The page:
Wall contributes to beach erosion

The Treasure Island Resort Sea Wall is just one of the factors responsible for apparent beach erosion south of Seven Mile Beach.

The Treasure Island Sea Wall is likely interfering with the natural movement of sediment and sand along the strip between Seven Mile Beach and George Town, said Department of Environment Assistant Director for Research and Assessment Mr. Timothy Austin. But beach instability predates its construction, he said.

Treasure Island Sea Wall

The Treasure Island Sea Wall may be interfering with natural sand and sediment movement south of Seven Mile Beach.

Photos taken last Wednesday reveal a significant build up of sand to the south of the wall and a bare outcropping of rock to the north.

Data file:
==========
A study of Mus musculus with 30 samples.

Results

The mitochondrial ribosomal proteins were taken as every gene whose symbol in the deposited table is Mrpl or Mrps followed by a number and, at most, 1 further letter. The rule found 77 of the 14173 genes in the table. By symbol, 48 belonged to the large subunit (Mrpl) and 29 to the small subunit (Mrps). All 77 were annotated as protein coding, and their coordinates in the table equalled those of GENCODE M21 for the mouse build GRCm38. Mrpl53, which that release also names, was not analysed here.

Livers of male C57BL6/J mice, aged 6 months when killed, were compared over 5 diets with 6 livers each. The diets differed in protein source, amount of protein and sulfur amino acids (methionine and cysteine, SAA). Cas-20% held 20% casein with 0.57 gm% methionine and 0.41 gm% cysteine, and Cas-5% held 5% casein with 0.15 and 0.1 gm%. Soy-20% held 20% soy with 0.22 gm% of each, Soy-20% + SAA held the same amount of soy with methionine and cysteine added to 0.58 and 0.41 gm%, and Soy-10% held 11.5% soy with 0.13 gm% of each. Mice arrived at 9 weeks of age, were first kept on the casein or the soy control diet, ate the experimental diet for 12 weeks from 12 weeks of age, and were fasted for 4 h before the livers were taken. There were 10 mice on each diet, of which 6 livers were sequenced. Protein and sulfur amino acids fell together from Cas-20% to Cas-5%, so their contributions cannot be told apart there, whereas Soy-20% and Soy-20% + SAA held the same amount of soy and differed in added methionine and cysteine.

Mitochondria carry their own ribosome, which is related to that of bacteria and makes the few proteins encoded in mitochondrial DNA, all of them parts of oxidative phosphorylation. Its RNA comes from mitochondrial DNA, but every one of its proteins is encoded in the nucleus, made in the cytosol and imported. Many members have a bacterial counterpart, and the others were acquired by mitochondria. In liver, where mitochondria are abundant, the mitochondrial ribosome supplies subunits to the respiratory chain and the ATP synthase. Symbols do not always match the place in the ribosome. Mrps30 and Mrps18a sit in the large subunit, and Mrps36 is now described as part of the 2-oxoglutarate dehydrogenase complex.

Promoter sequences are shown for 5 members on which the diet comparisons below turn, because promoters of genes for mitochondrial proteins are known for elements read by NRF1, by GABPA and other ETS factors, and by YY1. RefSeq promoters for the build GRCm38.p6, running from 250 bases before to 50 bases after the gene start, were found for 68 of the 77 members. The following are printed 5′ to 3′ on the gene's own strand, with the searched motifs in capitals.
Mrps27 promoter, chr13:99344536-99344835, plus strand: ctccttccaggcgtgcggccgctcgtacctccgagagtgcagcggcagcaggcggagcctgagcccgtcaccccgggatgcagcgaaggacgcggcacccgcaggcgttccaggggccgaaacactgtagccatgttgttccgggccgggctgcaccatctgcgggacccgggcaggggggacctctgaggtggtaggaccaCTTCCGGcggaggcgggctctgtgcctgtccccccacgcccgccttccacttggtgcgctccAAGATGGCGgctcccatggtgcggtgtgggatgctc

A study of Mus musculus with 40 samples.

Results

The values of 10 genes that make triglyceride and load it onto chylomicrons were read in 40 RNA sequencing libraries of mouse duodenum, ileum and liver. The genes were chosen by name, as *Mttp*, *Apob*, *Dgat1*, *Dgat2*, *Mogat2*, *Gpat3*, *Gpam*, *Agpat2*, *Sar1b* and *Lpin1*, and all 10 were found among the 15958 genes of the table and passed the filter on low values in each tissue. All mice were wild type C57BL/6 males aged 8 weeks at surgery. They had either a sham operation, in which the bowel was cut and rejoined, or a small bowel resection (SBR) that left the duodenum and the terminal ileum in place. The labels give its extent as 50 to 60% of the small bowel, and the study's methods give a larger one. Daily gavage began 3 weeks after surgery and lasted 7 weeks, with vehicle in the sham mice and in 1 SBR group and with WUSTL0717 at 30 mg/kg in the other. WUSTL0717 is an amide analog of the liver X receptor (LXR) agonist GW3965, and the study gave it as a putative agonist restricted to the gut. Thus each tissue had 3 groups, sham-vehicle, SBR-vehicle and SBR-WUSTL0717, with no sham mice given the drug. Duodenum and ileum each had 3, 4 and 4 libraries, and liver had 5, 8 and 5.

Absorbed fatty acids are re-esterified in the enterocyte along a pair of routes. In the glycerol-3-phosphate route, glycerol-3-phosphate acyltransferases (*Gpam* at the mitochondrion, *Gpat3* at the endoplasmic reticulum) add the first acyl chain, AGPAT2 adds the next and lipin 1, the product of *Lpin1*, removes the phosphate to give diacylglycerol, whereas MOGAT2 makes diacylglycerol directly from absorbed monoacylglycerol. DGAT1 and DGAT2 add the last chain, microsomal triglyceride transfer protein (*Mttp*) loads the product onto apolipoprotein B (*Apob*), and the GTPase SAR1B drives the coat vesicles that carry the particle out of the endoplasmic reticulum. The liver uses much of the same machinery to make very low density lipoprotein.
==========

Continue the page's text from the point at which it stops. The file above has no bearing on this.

The outcropping of rock extends up to the southern wall of the adjoining property.

Mr. Austin said aerial photos from the 1970s and ’80s show that the beach is subject to vast seasonal transformations.

He said the exposed rock was not necessarily the result of erosion as much of the sand in the area had been trucked in to cover the rocky outcropping that naturally exists there.

The fact that the vegetation line along the strip of beach has not changed much in the past three decades indicates that the problem had more to do with instability than permanent erosion, Mr. Austin said.

He said fine grained sand in the area is more easily swept away by storms than the heavier sand at Seven Mile Beach’s northern end.

A report prepared for the Department of Environment in 2000 also shows that development too close to the beach has impaired the beach’s rapid self-healing ability.

Mr Austin said ocean and beach buildings are an ongoing concern.